Feature: 20 years after U.S. invasion, tragedy of Haditha massacre not forgotten by Iraqis


In the early morning on Nov. 19, 2005, a massive explosion occurred near his house in Haditha, about 200 km northwest of the Iraqi capital of Baghdad, recalled Khalid Salman Rasif, a 49-year-old lawyer.

The blast killed a U.S. Marine and wounded two others in a convoy, prompting the surviving soldiers to go on a revenge raid on local civilians.

Hours later, Rasif managed to sneak into his uncle Salim’s house to check if any of his family were fine. There he met 11-year-old Safa, Salim’s granddaughter, who told him that eight of her family members were killed by American soldiers earlier and she was the only survivor.

Seven family members of Abdul Hameed, another uncle of Rasif, were also killed by American soldiers, including Rasif’s sister and her child, Safa told Rasif.

When Rasif reached the home of Hameed the next day, he “found something tragic and unbelievable” because blood was everywhere. “It appeared that the American forces had dragged the bodies before transferring them to the Haditha Hospital. The same thing happened in my cousin’s house, where I found blood everywhere,” he told Xinhua.

During the massacre, American soldiers also stormed the house of Jamal al-Ghurairi, driving her four sons into one room and shot them dead. Covered in blood, she rushed to knock on the door of the home of her neighbor, Aws Fahmi al-Shammary.

But when Al-Shammary went out of his home to see what was happening, he immediately received a shot by an American sniper in his hip.

“The shooting hurt me. My wife and I suffered a lot because I couldn’t move properly and I had to receive treatment regularly for about a year and a half,” Al-Shammary told Xinhua.

Victims of the massacre also include four students who were traveling to college in a taxi. The American soldiers stopped the taxi, took the students and driver out, and killed them all.

Jamil Ayada, the brother of two of the college students killed, described the day of the killing as “bloody” and “dark.” “After they searched them and took all their documents (ID cards), they horrifically executed them,” he told Xinhua, with tears in his eyes.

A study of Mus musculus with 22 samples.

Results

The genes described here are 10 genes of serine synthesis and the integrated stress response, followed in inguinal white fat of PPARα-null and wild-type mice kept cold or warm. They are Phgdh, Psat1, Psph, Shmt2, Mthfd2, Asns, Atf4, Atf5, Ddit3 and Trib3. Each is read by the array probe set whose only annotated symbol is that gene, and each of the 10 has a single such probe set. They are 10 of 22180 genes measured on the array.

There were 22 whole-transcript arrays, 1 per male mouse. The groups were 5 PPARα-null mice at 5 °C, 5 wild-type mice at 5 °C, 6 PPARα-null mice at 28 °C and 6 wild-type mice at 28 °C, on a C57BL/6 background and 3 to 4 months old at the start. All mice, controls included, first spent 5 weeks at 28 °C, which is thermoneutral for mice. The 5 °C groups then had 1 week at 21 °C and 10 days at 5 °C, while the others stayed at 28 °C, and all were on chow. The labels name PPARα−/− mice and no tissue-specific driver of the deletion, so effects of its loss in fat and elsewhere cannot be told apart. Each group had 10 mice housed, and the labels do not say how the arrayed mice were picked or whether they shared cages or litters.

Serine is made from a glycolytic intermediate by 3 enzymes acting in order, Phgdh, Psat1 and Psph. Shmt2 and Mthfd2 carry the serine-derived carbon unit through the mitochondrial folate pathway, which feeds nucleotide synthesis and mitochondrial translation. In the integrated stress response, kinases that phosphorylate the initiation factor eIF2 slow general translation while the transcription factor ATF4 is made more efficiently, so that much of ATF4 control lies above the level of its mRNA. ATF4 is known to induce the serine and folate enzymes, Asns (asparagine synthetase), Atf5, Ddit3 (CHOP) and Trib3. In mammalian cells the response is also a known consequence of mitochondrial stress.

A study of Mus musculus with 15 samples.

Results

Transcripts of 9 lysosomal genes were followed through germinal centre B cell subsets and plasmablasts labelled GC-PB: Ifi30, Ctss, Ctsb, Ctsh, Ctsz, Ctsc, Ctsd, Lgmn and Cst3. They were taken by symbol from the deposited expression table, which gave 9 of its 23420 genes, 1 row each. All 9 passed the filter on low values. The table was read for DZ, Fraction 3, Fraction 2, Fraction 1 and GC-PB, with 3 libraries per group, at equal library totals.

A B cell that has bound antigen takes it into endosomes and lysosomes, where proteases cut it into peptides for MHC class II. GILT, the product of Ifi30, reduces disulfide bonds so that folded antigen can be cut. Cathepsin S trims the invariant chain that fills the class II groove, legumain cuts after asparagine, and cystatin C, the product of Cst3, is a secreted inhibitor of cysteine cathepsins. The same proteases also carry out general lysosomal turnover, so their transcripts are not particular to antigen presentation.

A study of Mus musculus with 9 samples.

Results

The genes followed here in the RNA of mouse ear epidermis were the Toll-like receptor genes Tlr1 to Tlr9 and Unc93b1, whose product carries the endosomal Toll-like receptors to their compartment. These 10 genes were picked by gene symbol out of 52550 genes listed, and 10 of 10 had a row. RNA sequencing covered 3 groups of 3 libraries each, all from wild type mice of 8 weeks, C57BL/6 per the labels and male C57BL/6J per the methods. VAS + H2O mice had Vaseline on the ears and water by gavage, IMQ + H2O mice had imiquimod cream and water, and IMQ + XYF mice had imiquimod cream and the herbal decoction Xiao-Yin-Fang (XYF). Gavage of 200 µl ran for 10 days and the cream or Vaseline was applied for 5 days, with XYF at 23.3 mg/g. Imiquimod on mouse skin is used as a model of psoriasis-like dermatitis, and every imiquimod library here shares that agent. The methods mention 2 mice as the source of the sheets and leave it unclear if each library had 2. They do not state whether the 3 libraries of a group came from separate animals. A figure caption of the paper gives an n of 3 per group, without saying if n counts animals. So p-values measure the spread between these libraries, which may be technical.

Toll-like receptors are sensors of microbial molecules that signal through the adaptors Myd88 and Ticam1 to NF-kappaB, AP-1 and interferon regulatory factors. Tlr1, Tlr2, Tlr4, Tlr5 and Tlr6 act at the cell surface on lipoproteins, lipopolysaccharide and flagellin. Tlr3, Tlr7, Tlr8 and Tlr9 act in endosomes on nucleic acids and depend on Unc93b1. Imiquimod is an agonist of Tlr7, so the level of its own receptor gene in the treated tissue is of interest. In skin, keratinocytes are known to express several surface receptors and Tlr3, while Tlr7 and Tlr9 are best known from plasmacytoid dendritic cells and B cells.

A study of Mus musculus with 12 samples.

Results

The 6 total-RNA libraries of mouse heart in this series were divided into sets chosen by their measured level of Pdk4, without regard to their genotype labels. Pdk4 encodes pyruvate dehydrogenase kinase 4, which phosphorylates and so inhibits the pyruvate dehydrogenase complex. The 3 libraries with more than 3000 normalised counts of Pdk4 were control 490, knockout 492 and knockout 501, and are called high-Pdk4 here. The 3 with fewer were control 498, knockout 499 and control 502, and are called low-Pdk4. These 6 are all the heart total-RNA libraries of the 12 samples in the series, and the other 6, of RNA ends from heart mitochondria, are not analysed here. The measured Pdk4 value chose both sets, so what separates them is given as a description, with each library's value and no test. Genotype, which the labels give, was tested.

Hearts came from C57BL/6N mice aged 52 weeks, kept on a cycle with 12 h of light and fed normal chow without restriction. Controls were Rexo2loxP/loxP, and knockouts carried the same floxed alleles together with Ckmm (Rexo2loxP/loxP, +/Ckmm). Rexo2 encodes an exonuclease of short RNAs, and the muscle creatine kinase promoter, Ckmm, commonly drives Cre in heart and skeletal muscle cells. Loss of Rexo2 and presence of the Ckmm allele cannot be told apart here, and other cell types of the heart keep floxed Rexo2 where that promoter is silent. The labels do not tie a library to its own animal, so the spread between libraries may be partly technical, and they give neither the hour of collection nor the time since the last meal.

“The victims did not leave their homes to fight, they were living in peace when they were killed. They were children, women, men and elderly people,” said Ayada.

“We look at America with contempt, because the U.S. occupation forces are terrorists, killers, and creators of terrorism,” he said, adding that those American soldiers responsible for the massacre should be prosecuted.

However, Haditha’s tragedy did not end with the massacre, as local residents were constantly subjected to random arrests, detentions and torture by American troops.

In 2006, Dham Badr, a visual artist in the city, was arrested by U.S. soldiers and tortured without charges before he was transferred to the Bucca detention center in the southern city of Basra.

Badr said that, in addition to being stripped naked and urinated on his head and body, he was also punched, slapped, kicked and battered with sticks and metal rods by American soldiers.

During the U.S. occupation of Iraq, Iraqis were subjected to U.S. punishment if they happen to be in the wrong place at the wrong time.

Ghassan Eyada Menshid, a resident of Haditha and a journalist working for a Baghdad-based private TV channel, was arrested by the U.S. soldiers on July 10, 2005 while driving with his friend, a police officer, near the town of Heet, some 160 km west of Baghdad.

Both Menshid and his friend were injured after they were caught in an exchange of fire between Sunni insurgents and U.S. forces.

After that, Menshid was detained for over a year and subjected to severe physical and mental torture. The American soldiers left him out in the sweltering sun for long hours and put him in a small iron cage for 23 days, allowing him only to go to the toilet twice a week and take a shower once a week that lasted no more than two minutes.

Menshid said he had spent eight months of his imprisonment in the notorious Abu Ghraib prison, where he was insulted and tortured. And American soldiers either blocked or deliberately delayed the visits by his family members.

He criticized the Americans for lying about their promise to turn Iraq into a democratic and free country.

“We have not seen anything. They turned over control of the nation to competing sectarian and ethnic parties, who divided the wealth while the Iraqi people are groaning in hunger and poverty,” he said.